Salman Khan’s Radhe Your Most Wanted Bhai release model divides industry: ‘But these are exceptional times’

Salman Khan starrer Radhe: Your Most Wanted Bhai will hit the theaters and ZEE5’s pay per view platform ZeePlex simultaneously on May 13.

Salman Khan starrer Radhe: Your Most Wanted Bhai is the first big-ticket Bollywood film to adopt a hybrid release model. The film will hit the theatres and ZEE5’s pay per view platform ZeePlex simultaneously on May 13. Film trade analysts believe the move will be a “gamechanger” for the Indian cinema business and will affect mostly the film exhibitors who are already incurring losses due to lockdowns and shut down of cinema halls.

Film producer and trade analyst Girish Johar believes the release of Radhe on the OTT platform and in cinemas at the same time has affected the exhibitors and the film producers differently. “Film exhibitors are most hurt by this decision. They were waiting for so many months for some big films to release, Radhe being one of them. They are under immense pressure and Radhe was true oxygen for them. They were thinking it will help their ailing business because the audience would come back to the theatres. Salman (Khan) is a pan India star and exhibitors were banking on him,” Johar suggested.

Johar also believes that the move might result in the “weakening of the exhibition sector from top to bottom.” But if looked at from the perspective of a film producer, “If the producer cannot sustain, he has all the right to look at the other options,” Girish Johar said, adding, “If the cinema continues to be under the pressure of pandemic, more producers will take the route.”

Nitin Datar, president of the Cinema Owners and Exhibitors Association of India, agrees that the film producers have also invested a huge sum of money and they too need returns with uncertainty looming on the future of cinema. However, he also hinted at the possibility of multiplex owners not screening the direct-to-OTT releases when the situation improves.

“Now it is to be seen if cinema owners will allow these OTT films to release in their cinema halls when things get a little better. To my knowledge, multiplexes are not going to cooperate with the producers in this matter. Some small cinema owners will allow it because they are desperate. But will that help them survive? No. Cinema owners have to give away 60-70% of their profits to producers and distributors, what will they be left with?” Datar rued.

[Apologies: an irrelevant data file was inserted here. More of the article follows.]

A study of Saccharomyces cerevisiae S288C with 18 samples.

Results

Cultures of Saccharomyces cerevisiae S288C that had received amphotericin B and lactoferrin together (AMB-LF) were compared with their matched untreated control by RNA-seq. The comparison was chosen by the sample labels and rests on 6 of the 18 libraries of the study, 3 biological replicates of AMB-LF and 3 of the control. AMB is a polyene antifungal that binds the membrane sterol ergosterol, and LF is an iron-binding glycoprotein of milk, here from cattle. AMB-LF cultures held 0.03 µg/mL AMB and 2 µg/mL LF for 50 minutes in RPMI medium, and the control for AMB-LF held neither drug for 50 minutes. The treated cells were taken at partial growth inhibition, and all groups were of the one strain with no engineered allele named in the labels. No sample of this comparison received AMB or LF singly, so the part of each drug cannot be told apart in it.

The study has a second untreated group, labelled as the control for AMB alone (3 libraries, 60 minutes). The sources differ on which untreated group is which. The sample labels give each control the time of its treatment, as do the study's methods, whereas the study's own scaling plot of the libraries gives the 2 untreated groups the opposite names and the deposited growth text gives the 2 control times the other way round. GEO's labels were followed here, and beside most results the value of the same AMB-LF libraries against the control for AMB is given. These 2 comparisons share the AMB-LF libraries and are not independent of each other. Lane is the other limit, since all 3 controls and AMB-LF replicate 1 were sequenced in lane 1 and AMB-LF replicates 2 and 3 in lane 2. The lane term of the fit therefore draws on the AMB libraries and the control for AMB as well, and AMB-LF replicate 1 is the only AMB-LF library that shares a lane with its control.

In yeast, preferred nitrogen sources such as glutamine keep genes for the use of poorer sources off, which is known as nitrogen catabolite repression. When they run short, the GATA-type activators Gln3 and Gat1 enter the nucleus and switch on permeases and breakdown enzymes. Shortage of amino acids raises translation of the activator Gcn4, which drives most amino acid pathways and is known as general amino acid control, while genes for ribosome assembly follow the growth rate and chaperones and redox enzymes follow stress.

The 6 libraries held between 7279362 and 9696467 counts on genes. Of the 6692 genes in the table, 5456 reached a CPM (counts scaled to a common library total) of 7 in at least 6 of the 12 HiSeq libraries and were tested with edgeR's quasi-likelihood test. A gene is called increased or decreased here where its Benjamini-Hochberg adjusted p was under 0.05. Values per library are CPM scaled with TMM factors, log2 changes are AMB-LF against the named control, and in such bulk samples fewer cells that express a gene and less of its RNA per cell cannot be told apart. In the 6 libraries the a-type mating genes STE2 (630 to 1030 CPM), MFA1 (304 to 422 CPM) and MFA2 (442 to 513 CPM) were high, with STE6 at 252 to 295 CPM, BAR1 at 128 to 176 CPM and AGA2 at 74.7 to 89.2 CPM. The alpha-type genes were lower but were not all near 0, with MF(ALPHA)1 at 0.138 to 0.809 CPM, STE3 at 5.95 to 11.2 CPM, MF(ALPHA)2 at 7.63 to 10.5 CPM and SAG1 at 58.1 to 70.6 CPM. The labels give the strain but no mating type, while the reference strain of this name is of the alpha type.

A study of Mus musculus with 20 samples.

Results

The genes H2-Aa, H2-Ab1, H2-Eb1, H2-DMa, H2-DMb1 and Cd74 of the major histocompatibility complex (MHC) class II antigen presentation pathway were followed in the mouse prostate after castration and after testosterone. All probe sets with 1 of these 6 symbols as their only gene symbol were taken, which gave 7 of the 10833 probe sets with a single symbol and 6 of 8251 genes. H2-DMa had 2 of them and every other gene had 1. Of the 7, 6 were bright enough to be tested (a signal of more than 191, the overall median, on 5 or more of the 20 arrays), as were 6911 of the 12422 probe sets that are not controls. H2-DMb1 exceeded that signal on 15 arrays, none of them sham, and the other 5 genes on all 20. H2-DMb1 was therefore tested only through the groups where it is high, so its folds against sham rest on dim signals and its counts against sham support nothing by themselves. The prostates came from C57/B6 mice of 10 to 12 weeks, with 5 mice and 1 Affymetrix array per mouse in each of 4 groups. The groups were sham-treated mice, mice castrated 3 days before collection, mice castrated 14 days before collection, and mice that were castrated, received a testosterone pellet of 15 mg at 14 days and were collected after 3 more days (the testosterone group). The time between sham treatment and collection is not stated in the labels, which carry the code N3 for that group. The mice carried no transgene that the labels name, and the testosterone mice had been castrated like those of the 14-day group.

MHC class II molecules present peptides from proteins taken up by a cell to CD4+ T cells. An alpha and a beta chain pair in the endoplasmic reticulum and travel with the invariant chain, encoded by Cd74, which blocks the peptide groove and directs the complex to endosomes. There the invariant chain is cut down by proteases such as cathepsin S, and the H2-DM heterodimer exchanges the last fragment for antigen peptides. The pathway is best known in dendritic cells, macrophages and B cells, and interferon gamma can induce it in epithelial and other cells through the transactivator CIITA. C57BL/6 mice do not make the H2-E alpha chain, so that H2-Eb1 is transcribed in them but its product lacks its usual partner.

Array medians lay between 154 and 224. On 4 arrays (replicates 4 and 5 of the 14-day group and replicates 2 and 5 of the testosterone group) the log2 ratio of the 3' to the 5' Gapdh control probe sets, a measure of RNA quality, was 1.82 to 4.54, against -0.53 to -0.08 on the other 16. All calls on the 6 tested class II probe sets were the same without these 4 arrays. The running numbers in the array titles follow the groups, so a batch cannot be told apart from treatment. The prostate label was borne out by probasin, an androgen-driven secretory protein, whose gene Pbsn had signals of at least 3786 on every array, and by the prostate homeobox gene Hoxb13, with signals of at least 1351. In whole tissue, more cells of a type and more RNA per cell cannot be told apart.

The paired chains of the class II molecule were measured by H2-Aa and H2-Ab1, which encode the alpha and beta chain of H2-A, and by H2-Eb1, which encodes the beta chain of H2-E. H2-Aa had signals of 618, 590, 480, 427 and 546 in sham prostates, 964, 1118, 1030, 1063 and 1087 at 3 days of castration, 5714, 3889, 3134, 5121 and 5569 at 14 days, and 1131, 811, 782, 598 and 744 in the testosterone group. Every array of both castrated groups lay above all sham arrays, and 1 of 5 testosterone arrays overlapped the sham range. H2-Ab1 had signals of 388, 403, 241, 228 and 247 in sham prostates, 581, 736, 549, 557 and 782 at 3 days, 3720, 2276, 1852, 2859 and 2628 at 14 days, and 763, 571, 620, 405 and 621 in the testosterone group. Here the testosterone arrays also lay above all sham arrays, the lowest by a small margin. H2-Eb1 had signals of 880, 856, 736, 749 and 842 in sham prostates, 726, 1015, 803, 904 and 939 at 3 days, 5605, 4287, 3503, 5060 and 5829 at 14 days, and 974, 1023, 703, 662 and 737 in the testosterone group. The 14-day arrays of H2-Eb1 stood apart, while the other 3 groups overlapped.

According to Datar, the release of one big film on the OTT platform doesn’t affect the cinema business as “the cinema business is like a white elephant. It needs at least a film per week to survive.”

While expecting more films to release at this time would be “foolish”, Datar assumes what can save the cinema owners is “a robust plan from the government”. They have already asked the government for a rebate in the property tax and cutting down the electricity bills till the time businesses reopen.

Akshaye Rathi, a film exhibitor and distributor with operations spread across Maharashtra, Madhya Pradesh and Chhattisgarh, feels these are the “exceptional times” hence the producers, distributors and exhibitors need to stick together.

Talking to indianexpress.com, he said, “We realise these are exceptional times, any producer or studio who has made a big investment would want their returns to start coming in soon enough. It is understandable in some sense, but of course, as exhibitors we are unhappy. A Salman Khan Film has the potential to bring life back into cinemas. So, it is unfortunate and is a loss for all the exhibitors. Radhe would have helped in our revival and now it wouldn’t, but I think they are also doing it to survive.”

Given the uncertainty around the revenues of the films and functioning of the theatres, Rathi believes that producers and exhibitors and distributors should compromise, “but, in the long term this is a solution that would not be entertained by any exhibitor in the country.”

Also, Girish Johar suggests it is a little too early for the Indian cinema to adopt a hybrid release model. “India is already an under-screened country. We have lost many screens last year also. For now, the hybrid release model will curtail the growth of the cinema business in the country,” Johar opined.

Radhe will arrive in theatres in India where they are operational on the occasion of Eid. It will also release in 40 countries across West Asia, North America, Australia, New Zealand, Singapore, Europe and the UK.